Teddington, Gloucestershire Wikipedia
The village is fortunate to have an ancient church that is thought to date from the 12th Century. The interior wall has a partially faded mural of the Lion and the Unicorn that dates from the second half of the 17th century. It also contains an arch sourced from Hailes Abbey after the latter was destroyed following the dissolution of the monasteries.
The village has a population of less than 300, of which the majority are professional commuters and elderly pensioners. The population increased to 393 at the 2011 census. It has an archaic water pump, a village hall and some property dating from the 18th century and earlier. Nearby is the "Teddington Hands" pub, the name of which refers to the crossroads sign that was renovated as part of the 2000 Millennium celebrations. Opposite the pub and outside a Texaco service station is a standing stone of purportedly mystical significance and is believed to be over 2,000 years old.
In recent years, the village has been host to a murder in 1993 where a male resident, who worked as a computer analyst, killed his wife and two children, before killing himself two days later. The victims are buried in St Nicholas's church graveyard and a bench commemorates their lives.
The village dates from the 8th Century. The Teddington Hands Inn (nearby but not in the village) was originally known as the Cross Hands Inn and the name change only took place in the late 1980s after construction of the Teddington Hands Roundabout which realigned the Stow road away from the side of the premises due to a high volume of serious road traffic accidents. The area gets its name from the historic fingerpost which formerly stood at the crossroads but now stands adjacent to the entrance to the pub. The finger post is a listed structure.
During the Second World War an American military base was in the field to the rear of the pub and Joe Louis the heavyweight boxer fought an exhibition match in the field and all the surrounding villagers were invited. Glenn Miller also entertained troops in an adjacent field and visited the pub for refreshments prior to going to Cheltenham to perform a further concert. The following day he left from a nearby airfield for France. He and the plane he was travelling in was never seen again. The current theory being is small plane was hit by bombs discharged from returning allied bombers over the channel. So the Teddington Hands Inn is possibly the last pub Glenn Miller ever visited.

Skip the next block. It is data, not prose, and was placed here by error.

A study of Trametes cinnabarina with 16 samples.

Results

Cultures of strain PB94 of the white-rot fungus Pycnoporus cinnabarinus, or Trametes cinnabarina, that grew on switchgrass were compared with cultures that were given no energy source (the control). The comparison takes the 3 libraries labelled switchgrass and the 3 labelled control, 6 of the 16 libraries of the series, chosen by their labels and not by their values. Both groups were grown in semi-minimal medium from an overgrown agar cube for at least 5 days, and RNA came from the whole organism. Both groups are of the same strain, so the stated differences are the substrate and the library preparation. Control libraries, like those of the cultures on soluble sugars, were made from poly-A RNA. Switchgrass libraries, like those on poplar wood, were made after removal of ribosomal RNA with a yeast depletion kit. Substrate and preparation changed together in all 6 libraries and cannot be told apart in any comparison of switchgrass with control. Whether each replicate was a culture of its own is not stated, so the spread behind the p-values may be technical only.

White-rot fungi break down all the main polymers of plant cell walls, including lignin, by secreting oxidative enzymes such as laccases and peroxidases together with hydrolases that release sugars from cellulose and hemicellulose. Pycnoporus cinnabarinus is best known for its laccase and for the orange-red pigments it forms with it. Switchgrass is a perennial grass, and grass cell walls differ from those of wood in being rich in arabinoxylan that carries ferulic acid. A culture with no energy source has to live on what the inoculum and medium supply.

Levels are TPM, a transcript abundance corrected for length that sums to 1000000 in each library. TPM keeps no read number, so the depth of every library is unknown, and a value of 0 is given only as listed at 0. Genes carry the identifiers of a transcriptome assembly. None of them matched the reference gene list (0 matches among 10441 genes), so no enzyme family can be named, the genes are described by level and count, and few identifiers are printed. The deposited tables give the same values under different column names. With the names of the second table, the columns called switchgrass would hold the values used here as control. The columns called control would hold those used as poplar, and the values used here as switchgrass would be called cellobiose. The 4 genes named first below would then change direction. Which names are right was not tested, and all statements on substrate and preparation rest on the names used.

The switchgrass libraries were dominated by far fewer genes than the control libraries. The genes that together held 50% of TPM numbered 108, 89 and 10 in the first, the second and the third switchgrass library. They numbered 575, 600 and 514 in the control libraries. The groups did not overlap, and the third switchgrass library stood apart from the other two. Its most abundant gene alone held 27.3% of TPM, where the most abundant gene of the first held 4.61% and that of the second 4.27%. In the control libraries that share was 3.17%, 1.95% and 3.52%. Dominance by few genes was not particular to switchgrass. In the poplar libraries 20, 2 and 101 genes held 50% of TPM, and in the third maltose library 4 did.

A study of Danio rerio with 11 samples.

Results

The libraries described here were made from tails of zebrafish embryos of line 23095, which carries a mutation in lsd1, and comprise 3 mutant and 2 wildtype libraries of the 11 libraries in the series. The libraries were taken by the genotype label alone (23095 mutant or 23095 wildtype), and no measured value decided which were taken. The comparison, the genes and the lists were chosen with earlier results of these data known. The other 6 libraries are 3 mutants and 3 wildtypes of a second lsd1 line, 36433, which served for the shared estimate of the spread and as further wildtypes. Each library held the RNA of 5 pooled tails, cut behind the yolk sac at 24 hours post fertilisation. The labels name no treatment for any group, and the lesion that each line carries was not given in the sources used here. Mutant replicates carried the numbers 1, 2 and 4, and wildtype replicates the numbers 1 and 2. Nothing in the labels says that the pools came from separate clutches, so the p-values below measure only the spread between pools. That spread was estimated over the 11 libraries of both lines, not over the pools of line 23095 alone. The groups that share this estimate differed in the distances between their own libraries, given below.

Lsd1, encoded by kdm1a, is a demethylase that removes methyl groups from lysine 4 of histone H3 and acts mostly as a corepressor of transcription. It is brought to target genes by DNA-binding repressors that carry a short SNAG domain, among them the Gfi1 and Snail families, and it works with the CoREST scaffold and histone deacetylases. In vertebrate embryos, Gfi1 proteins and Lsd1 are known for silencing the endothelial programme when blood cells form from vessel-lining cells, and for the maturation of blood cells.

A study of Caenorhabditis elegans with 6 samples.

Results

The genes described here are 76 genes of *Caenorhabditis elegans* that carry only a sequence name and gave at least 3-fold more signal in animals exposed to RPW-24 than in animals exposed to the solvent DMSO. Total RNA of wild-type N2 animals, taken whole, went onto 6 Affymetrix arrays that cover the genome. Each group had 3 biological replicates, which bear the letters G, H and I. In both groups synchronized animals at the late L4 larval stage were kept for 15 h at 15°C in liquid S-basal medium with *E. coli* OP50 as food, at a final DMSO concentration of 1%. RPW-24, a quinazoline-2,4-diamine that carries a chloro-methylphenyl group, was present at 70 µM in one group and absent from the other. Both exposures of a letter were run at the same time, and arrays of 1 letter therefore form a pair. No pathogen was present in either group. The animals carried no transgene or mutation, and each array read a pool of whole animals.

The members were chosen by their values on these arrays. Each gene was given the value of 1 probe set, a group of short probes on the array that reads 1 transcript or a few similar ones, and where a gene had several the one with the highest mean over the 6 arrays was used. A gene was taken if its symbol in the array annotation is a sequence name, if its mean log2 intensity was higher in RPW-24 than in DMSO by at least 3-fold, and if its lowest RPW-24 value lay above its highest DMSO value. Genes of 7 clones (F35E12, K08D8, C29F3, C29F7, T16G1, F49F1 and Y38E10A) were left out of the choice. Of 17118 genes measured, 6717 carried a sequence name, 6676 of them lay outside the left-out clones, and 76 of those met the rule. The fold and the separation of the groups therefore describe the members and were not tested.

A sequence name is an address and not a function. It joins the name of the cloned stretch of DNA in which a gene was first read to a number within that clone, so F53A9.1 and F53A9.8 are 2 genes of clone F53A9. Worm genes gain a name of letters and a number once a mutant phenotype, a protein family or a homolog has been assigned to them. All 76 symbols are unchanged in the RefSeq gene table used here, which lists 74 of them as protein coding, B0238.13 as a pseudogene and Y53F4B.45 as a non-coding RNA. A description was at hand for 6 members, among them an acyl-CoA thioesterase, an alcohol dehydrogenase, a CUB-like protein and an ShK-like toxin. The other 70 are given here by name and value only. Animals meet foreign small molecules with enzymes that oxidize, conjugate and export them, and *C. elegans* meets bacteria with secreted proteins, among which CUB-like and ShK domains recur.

The villages of Teddington and Alstone, separated by the tiny hamlet of Bengrove lie in gently rolling countryside near the foot of the Cotswold escarpment, almost equidistant from the towns of Cheltenham, Tewkesbury and Evesham. Each a distinct community but their proximity to each other and their small size, a combined adult population of almost 330, means that the people who live here join together for social occasions and religious observances. Many of the close personal friendships forged as a result have prove long and lasting.
Teddington and Alstone now lie in the Anglican Diocese of Worcester, although they have been part of Gloucestershire since 1932, falling within the borough and Parliamentary constituency of Tewkesbury. Please visit the Teddington and Alstone Parish Council website below.
The existence of this parish began when the standing stone was founded and was thought to bring good-natured happenings and luck. Travellers came into the area looking to see the stone until there was a whole community of travellers and settlers. After a few years there were thriving businesses and schools worthy for education of children. Even today people moving house or coming into retirement like to travel to Teddington for its famous brews and the "mystical significance" of the standing stone.